Lord Chaitanya

Chaitanya Mahaprabhu, a hidden incarnation of Lord Krishna, appeared in Mayapur in the town of Nadia just after sunset on the evening of the 23rd Phalguna 1407 Sakabda, answering to the 18th of February, 1486, of the Christian era. His father, Jagannatha Misra, a poor brahmana of the Vedic order, and his mother, Saci-devi, a model good woman, both descended from brahmana stock originally residing in Sylhet. Mahaprabhu was a beautiful child, and the ladies of the town came to see him with presents.

His mother’s father, Pandita Nilambara Cakravarti, a renowned astrologer, foretold that the child would be a great personage in time; and he, therefore, gave him the name Visvambhara. After his fifth year, he was admitted into a pathasala where he picked up Bengali in a very short time.

It was at the age of 14 or 15 that Mahaprabhu was married to Laksmidevi, the daughter of Vallabhacarya, also of Nadia. He was at this age considered one of the best scholars of Nadia, the renowned seat of nyaya philosophy and Sanskrit learning. It was at this time that he preached Vaisnavism at intervals. After teaching him the principles of Vaisnavism, he ordered Tapana Misra to go to and live in Benares. During his residence in East Bengal, his wife Laksmidevi left this world from the effects of snakebite. On returning home, he found his mother in a mourning state. He consoled her with a lecture on the uncertainty of human affairs. It was at his mother’s request that he married Visnupriya, the daughter of Raja Pandita Sanatana Misra. His comrades joined him on his return from pravasa or sojourn. He was now so renowned that he was considered to be the best pandita in Nadia.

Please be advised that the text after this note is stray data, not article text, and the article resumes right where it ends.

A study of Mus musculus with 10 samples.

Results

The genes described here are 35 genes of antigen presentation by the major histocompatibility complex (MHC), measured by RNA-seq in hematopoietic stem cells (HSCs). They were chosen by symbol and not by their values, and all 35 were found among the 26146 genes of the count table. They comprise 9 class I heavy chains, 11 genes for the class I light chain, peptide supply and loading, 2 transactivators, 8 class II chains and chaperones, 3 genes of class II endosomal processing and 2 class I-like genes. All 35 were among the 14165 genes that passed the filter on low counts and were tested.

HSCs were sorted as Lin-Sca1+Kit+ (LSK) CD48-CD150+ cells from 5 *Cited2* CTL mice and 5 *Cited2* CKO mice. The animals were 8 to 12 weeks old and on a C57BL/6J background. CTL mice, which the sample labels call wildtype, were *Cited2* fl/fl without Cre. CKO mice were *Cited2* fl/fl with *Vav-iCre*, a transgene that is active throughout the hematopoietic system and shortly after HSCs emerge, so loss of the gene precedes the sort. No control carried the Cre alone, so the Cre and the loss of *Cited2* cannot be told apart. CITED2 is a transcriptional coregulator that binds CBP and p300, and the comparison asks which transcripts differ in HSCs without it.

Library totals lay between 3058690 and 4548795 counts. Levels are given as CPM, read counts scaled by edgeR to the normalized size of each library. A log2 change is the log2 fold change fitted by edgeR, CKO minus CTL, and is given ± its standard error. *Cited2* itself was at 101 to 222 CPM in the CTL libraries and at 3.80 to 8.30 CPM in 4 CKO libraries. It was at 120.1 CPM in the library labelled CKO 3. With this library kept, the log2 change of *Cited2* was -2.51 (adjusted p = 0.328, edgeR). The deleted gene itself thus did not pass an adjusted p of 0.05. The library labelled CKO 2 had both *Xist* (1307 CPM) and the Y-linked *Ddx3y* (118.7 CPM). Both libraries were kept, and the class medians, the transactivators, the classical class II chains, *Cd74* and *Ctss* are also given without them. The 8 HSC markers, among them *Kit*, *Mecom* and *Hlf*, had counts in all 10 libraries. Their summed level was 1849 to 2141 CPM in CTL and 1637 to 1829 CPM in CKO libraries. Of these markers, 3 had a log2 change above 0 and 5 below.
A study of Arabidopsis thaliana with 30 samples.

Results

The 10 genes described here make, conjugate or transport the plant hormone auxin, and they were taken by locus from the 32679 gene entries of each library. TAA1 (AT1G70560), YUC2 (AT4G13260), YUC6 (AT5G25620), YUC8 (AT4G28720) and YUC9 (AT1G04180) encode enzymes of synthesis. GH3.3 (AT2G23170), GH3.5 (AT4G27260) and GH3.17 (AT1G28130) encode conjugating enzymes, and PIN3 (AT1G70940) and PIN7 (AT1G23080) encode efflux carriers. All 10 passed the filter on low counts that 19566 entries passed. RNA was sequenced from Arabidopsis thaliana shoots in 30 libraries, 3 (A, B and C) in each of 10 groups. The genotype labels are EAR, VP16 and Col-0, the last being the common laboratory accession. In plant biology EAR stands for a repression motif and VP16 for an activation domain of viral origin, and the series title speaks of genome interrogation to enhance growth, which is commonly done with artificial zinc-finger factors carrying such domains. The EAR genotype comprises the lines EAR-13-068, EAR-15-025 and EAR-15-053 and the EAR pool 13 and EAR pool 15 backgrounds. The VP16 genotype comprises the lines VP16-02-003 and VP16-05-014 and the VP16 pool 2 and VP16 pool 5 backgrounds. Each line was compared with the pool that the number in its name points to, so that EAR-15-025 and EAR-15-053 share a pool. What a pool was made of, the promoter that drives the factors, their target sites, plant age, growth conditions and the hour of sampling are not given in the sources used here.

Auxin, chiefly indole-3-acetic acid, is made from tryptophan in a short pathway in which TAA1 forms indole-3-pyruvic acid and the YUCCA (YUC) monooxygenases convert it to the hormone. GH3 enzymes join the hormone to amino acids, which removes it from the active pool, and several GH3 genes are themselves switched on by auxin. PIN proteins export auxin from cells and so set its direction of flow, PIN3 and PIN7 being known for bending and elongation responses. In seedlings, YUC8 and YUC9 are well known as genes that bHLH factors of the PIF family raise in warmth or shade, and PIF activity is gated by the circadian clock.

Nimai Pandita was naturally a soft-hearted person, though strong in his principles. He declared that party feelings and sectarianism were the two great enemies of progress and that as long as he should continue to be an inhabitant of Nadia belonging to a certain family, his mission would not meet with complete success. He then resolved to be a citizen of the world by cutting his connection with his particular family, caste and creed, and with this resolution he embraced the position of a sannyasi at Katwa, under the guidance of Kesava Bharati of that town, on the 24th year of his age.

His sentiments carried him far and wide in the firmament of spirituality every day and night, and all his admirers and followers watched him throughout. He worshiped, communicated with his missionaries at Vrindavana, and conversed with those religious men who newly came to visit him. He sang and danced, took no care of himself and oft-times lost himself in religious beatitude.